I had the privilege of presenting at a Science Commons Symposium this past weekend. (What wasn’t so pleasurable was the red eye home and the body ache I am suffering today!) I’m stealing the list of speakers directly off of the symposium page listing

Stephen Friend - Founder and President of Sage, a non-profit research organization that’s revolutionizing how researchers approach the treatment of disease

Peter Binfield – Publisher of PLoS ONE, an innovative online scientific journal and influencial leader of the open access movement

John Wilbanks – VP of Science Commons, an organization dedicated to making it easier to share scientific data and materials

Heather Joseph – Executive Director at SPARC and champion of Open Access

Antony Williams – VP of Strategic Development for the Royal Society of Chemist, Founder of Chemzoo and a leader in the domain of free access chemistry

Jean-Claude Bradley – Associate Professor of Chemistry at Drexel University and pioneer of the Open Notebook science effort

Cameron Neylon – Open Science evangelist, biophysicist and leading advocate of data availability

Peter Murray-Rust – Founder of Blue Obelisk, a group of chemists dedicated to Open Data, Open Source and Open Standards

I knew a number of the speakers personally but met Heather and Stephen for the first time. There was a clear commonality between the speakers and for the audience..that of having access to, and willingly sharing, data and knowledge. Clearly we are all serving the community in our own ways but there is a common frame of overlap in terms of the urgency with which this needs to be done and the big wins that can result from such efforts.  I had met John Wilbanks a number of times but this was the first time I heard him give his talk. For me personally he is a calming voice in regards to terms of licensing and access to data providing a guided tour of the path to the Creative Commons licenses. He introduced a particular statement that fits with ChemSpider  “..the goal is the sparking of generative science” and quoted Jonathan Zittrain who said “Generativity is a systems capacity to produce unanticipated change from unfiltered contributions from broad and varied audiences.”.

Boom-boom-pow. Did that ever hit. People have been asking me how is ChemSpider being used and how would I want it to be used. Here’s the answer…I want them to get value from it however they may use it. We cannot foresee all the ways that people might derive value from content on the database. We cannot define how scientists might choose to work together around the information available. There are a myriad of opportunities to discover something of interest on the database and we see a big part of our job to populate the database with data and links to additional information and to provide a searchable hub to access those data. We get emails emoting thanks for helping people to find “XXXX” and we’re happy to know that we helped. As I’ve said many times…there is method in our madness and despite the fact that we know SOME of the ways that our platform can be used it’s the “generativity” that is very exciting and we hope to hear about. That’s the web for you!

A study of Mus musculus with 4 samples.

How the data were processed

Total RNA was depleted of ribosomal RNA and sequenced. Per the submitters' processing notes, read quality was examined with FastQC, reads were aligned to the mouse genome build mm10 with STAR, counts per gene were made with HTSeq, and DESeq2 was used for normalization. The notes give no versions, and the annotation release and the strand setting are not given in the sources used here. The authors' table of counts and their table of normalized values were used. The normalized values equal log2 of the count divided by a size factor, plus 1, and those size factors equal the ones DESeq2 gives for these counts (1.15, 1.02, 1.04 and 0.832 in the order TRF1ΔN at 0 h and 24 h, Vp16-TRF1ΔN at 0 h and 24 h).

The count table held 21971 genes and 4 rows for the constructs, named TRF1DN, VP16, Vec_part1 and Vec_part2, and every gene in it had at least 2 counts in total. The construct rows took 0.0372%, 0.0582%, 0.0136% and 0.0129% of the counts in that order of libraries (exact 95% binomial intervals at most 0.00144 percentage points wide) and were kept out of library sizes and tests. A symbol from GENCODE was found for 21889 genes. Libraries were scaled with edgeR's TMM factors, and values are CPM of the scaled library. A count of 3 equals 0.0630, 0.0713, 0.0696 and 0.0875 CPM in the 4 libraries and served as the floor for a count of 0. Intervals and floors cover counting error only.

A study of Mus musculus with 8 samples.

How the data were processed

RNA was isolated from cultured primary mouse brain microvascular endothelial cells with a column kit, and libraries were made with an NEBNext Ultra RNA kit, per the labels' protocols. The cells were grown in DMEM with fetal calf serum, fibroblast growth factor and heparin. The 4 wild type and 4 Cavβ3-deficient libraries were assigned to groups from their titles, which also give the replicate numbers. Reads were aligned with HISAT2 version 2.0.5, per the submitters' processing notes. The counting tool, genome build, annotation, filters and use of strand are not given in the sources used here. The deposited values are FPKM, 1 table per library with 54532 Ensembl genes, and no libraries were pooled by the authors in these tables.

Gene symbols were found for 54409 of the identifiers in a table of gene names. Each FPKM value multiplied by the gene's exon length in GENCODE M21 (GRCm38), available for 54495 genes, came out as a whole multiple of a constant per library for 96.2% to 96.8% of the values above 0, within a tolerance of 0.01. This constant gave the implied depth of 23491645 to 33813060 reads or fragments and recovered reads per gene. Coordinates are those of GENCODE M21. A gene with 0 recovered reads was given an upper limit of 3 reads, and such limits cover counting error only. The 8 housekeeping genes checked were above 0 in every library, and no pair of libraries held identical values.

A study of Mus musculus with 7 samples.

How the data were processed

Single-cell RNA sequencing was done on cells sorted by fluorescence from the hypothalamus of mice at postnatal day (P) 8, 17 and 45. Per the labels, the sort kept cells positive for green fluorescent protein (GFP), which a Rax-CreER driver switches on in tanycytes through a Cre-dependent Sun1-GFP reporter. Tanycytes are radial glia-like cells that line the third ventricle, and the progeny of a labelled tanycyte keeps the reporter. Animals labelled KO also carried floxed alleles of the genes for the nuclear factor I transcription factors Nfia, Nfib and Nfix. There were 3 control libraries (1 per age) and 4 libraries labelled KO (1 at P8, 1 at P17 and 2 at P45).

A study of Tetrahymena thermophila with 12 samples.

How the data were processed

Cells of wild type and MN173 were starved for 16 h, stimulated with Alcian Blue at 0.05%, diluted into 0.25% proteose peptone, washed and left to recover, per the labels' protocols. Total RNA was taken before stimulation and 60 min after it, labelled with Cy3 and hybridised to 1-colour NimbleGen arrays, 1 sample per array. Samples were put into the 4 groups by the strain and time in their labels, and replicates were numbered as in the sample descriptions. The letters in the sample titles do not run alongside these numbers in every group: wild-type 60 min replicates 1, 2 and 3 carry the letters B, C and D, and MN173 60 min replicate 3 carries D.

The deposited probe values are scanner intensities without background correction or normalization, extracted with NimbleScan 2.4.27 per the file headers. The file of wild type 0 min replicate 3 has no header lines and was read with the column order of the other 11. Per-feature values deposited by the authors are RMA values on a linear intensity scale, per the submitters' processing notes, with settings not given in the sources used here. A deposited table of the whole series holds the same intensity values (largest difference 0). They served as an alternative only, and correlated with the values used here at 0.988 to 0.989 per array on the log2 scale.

My talk from Slideshare is posted below

Stumble it!

2 Responses to “Presentation at the Science Commons Symposium, Pacific Northwest #scspn”

  1. Hope Leman says:

    Hi, Antony. It was a great pleasure to hear your talk at the Science Commons Symposium, Pacific Northwest. Your presntation was informative, thought-provoking, engaging and entertaining. Thank you so much for travelling all that way to elucidate so many complex subjects so skillfully. You are quite right here, “… a common frame of overlap in terms of the urgency with which this needs to be done and the big wins that can result from such efforts. ” I am grateful to Science Commons for bringing so many groups together in the service of science and medicine.

    Hope the aches and pains have vanished now!

  2. Antony Williams says:

    Hope…thanks for the comment. Lisa and yourself deserve to be showered with praise for the wonderful gathering that you brought together. It was certainly the best meeting of the year for me. I stayed awake and paid attention in every talk! Sometimes I’m afraid that’s not so easy :-)

    Consider yourself well and truly applauded for a job well done!!!